Many Louisiana workers have no experience with the workers’ compensation system. This unfamiliarity makes it easy for people to believe things about their options that are not true.
These misunderstandings can lead to costly mistakes and unrealistic expectations, so it is crucial to clear them up.
Misconception: It’s only for severe injuries
Too many people assume that an injury must be life-threatening to support a workers’ compensation claim.
The truth: Louisiana workers’ compensation laws cover any mental or physical injury a person suffers within the scope and course of their employment. Injuries could include anything from a sprained ankle to a traumatic brain injury.
Misconception: Someone else must be at fault
Confusion over fault is another barrier to getting workers’ compensation.
The truth: Fault typically does not affect the benefits that may be available.
However, receiving workers’ compensation generally bars you from suing your employer. And if you intentionally caused your injuries, were drunk or were engaged in “horseplay” at the time of the accident, workers’ compensation likely will not be an option.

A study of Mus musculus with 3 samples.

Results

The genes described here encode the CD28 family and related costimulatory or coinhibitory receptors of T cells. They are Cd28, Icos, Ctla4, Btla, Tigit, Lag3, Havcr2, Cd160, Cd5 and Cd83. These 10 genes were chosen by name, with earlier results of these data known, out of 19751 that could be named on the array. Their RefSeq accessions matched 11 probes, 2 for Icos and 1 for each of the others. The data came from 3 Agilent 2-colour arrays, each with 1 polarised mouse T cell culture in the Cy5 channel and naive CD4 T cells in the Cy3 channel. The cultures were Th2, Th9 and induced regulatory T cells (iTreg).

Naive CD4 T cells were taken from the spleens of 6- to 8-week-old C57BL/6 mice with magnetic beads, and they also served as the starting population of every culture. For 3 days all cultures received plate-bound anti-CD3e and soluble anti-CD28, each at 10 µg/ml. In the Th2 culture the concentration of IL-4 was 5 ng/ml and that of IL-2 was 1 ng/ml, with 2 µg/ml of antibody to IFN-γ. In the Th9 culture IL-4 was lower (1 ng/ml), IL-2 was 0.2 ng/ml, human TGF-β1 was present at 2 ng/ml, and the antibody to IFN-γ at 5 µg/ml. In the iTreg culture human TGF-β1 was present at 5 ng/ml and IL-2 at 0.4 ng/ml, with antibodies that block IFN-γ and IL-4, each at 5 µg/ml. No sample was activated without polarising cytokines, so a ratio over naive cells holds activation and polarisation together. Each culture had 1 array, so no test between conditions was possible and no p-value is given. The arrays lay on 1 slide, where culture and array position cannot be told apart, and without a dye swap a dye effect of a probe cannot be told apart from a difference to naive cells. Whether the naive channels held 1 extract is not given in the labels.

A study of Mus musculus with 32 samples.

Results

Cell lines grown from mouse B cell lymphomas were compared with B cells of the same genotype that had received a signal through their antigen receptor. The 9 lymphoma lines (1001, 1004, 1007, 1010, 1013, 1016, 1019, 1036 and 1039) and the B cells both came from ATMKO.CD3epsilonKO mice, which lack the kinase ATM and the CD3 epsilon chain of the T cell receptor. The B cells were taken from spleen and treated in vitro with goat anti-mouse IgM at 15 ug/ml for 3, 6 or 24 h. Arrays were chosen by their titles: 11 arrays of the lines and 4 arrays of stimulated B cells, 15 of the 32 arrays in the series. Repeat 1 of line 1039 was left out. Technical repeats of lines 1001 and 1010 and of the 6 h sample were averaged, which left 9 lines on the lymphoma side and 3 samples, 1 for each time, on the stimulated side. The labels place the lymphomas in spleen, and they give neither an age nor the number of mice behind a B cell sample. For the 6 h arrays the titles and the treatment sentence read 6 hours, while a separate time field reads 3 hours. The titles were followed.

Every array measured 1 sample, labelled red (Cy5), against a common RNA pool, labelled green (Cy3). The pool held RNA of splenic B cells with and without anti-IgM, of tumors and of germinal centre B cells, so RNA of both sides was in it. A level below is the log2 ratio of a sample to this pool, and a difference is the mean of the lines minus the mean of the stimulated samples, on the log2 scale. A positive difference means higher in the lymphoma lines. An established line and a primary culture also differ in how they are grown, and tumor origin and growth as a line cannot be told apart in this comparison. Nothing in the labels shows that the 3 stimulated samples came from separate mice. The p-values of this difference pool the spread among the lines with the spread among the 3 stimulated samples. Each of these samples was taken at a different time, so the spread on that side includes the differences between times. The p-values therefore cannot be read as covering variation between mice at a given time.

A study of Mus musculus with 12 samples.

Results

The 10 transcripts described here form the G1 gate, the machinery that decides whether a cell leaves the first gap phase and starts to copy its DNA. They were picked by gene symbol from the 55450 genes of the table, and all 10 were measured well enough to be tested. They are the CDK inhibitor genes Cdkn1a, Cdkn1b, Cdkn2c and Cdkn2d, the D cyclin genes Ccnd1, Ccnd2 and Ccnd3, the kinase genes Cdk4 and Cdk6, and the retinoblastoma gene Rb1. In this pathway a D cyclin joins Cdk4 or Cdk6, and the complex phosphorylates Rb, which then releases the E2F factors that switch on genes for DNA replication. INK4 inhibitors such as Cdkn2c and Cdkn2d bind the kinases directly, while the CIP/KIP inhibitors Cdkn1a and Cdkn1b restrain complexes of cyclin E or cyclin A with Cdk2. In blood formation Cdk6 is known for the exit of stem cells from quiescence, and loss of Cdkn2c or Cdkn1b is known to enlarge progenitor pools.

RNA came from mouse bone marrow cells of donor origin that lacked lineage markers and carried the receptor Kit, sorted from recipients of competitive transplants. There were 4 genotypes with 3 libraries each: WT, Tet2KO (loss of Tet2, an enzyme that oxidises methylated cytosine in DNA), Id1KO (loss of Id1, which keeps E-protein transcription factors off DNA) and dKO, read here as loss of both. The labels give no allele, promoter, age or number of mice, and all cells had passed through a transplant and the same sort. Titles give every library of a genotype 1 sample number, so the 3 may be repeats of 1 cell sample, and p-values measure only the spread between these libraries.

Misconception: Payouts are massive
The promise of huge payouts can cause people to have unrealistic expectations about their financial future.
The truth: Workers’ compensation benefits cover medical bills, lost wages and job training services. These benefits are critical, but they are not intended to make a person rich or punish other parties. If you want to pursue damages beyond workers’ compensation benefits, you can discuss filing a personal injury claim with a lawyer.
Misconception: You have to figure out your options alone
Pursuing workers’ compensation can be confusing and intimidating for any worker. But rather than ask for help, too many people attempt to figure things out themselves. This approach can result in oversights and mistakes that jeopardize a person’s benefits.
The truth: There are resources in place to help you understand your rights and pursue the compensation you deserve, including the Louisiana Workforce Commission and workers’ compensation attorneys.